This page consists of stanzas 30 to 32 of this Sanskrit version of the popular story of Kālaka.

The text on this page recounts how the eminent Jain monk Kālaka and his allies go to India, where Kālaka demonstrates his powers.

One day Kālaka notices that the Sāhi looks depressed. On asking why, he hears that the Sāhi has received a letter from his overlord ordering him to kill himself and send his head. Kālaka asks whether the Sāhi is the only target of his enemy’s anger and comes to know that 95 Śaka kings are in the same situation.

Following Kālaka’s advice, all the kings depart for the land of Hinduka, meaning the country of the lower Indus river. Accompanied by Kālaka, they reach Saurāṣṭra in Gujarat, where they spend the rainy season. When the monsoon ends, the monk advises the Śaka kings to go to Ujjayinī, capture Gardabhilla, seize his kingdom and share it among themselves.

When they reply that they have no more supplies, Kālaka sprinkles clay bricks with magic powder, turning them into gold. The Śakas can use the gold to buy more supplies and advance against Gardabhilla.

Other visual elements

There are several notable things about this page, which is not in perfect condition as the edges are slightly torn.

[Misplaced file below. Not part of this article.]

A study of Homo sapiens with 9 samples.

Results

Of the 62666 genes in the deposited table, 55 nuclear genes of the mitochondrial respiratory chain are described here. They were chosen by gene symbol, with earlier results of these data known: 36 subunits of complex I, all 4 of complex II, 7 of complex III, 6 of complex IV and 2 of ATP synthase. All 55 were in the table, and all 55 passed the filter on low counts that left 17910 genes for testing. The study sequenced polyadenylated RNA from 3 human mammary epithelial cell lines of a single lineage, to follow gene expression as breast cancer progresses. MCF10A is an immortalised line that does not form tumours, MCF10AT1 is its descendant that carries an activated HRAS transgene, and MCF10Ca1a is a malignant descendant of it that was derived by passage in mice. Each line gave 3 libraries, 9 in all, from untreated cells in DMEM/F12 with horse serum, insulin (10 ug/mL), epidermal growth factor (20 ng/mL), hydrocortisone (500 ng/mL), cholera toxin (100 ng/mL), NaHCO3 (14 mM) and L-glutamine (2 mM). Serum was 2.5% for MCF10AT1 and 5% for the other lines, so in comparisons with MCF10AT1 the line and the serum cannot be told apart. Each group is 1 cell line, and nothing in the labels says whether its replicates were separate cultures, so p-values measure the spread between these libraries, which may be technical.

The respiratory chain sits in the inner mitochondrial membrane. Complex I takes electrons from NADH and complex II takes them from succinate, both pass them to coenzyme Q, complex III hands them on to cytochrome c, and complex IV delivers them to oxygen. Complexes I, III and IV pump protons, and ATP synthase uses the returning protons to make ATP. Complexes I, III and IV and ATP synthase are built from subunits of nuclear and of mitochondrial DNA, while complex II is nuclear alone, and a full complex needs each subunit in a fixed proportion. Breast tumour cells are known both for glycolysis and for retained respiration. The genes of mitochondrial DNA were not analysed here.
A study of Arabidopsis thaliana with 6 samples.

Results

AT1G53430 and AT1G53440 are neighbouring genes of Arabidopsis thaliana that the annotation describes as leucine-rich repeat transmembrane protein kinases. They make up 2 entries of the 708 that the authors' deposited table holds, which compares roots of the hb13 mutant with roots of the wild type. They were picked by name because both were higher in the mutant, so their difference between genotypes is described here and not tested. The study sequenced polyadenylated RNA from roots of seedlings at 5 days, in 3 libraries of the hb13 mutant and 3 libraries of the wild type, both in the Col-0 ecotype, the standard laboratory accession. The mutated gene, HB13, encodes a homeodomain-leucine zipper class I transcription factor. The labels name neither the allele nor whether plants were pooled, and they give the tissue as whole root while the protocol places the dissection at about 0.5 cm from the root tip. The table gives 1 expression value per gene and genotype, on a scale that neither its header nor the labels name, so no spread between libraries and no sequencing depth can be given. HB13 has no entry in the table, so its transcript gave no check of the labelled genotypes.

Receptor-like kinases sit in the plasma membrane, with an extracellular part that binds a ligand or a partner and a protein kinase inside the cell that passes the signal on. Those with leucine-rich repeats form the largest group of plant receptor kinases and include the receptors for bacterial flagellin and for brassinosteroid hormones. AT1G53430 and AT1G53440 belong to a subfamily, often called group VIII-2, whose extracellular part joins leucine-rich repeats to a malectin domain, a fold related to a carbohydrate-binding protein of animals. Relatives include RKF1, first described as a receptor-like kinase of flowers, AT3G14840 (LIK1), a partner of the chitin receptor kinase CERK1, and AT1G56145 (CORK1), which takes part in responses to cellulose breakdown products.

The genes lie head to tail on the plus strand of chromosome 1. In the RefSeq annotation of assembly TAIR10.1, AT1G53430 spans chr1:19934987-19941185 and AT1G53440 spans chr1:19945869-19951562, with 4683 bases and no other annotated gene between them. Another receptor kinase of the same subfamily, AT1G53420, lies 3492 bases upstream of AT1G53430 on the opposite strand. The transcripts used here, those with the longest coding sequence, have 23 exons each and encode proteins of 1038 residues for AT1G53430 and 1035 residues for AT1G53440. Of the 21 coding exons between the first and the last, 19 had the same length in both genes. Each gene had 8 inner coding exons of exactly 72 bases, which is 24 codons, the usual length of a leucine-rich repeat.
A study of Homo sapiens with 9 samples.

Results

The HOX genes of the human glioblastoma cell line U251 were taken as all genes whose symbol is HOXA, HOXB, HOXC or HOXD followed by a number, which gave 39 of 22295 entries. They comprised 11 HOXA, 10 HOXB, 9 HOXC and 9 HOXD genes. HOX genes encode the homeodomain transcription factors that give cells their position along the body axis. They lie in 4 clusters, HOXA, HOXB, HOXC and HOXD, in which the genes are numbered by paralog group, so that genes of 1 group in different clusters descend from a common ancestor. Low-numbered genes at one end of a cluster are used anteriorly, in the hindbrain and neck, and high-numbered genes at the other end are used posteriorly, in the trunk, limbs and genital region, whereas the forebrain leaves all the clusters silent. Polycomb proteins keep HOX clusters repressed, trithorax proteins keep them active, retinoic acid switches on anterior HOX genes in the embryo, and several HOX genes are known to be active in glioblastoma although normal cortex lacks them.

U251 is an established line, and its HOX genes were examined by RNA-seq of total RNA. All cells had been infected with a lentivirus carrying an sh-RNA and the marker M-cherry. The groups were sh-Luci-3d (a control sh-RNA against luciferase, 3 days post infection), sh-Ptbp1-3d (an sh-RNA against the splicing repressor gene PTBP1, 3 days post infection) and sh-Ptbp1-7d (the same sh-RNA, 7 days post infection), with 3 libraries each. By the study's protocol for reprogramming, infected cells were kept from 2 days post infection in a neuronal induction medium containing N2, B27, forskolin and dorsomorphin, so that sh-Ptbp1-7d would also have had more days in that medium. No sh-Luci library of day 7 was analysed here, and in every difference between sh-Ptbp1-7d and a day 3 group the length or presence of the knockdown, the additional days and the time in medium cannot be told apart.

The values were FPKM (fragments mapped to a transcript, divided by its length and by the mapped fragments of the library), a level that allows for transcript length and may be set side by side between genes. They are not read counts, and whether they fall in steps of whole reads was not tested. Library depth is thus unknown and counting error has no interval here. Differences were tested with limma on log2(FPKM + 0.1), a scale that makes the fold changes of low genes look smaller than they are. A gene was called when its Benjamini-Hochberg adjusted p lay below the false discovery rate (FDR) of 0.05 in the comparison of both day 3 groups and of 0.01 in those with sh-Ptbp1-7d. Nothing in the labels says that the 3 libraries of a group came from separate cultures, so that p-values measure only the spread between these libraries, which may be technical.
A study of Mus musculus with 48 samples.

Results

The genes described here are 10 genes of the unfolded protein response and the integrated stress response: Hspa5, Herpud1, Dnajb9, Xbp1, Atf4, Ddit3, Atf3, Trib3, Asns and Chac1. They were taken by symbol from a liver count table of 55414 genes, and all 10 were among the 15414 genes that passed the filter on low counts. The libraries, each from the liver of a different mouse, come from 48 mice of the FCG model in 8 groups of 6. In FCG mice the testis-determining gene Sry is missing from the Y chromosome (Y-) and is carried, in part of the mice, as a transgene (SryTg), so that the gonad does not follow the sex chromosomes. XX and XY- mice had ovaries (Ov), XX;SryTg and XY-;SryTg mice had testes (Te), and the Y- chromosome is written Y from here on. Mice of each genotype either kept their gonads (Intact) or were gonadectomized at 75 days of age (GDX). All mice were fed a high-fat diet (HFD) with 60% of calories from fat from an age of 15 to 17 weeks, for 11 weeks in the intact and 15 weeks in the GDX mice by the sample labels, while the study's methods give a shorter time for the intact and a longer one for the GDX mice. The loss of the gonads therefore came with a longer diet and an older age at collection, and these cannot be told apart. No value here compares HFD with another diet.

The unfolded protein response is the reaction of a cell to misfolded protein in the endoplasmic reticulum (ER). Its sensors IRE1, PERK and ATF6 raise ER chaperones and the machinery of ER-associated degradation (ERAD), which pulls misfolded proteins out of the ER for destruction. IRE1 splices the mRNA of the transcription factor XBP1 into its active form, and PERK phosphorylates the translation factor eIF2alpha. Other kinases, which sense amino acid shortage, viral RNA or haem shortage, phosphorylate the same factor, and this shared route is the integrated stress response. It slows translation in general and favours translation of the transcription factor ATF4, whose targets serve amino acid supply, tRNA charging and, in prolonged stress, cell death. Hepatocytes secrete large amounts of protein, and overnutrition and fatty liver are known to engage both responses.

The Kālaka story is often an appendix to Kalpa-sūtra manuscripts. In many Kalpa-sūtra manuscripts, there is a clear intention to make the manuscript a valuable and remarkable object in itself. This often holds true for the manuscripts of the Kālaka story as well. Here this aim is signalled by the:

  • shape and style of the script, which is close to calligraphy
  • use of gold ink for the red-edged border lines and ornamental diamond shapes
  • division of the text into two equally-sized panels, separated by a 2-centimetre margin containing a golden diamond
  • blue ornamental motifs around the golden diamond in the centre

There are three ornamental diamonds because this is the verso side of a folio.

This version of the Kālaka story is told in poetry. Verse numbers are at the end of each stanza. They are often in red, like here. On this page are the following numbers:

  • 30 on line 2
  • 31 on line 4.

This means that this page has a large part of verse 30, all of verse 31 and a large part of verse 32.

The bottom of the right margin contains the number 191, which is the folio number. It is a high number because this manuscript is the continuation of a Kalpa-sūtra manuscript. However, the rest of the manuscript is not available.


The elaborate script used is the Jaina Devanāgarī script, which is here like calligraphy. There are a few notable features of this script.

Firstly, it is an old type in the way the sounds e and o are notated when used with a consonant, known as pṛṣṭhamātrā script.

There are red vertical lines within the text marking out verse divisions. Single red vertical lines indicate where a verse is divided in two, while double red vertical lines are found at the end of the verse.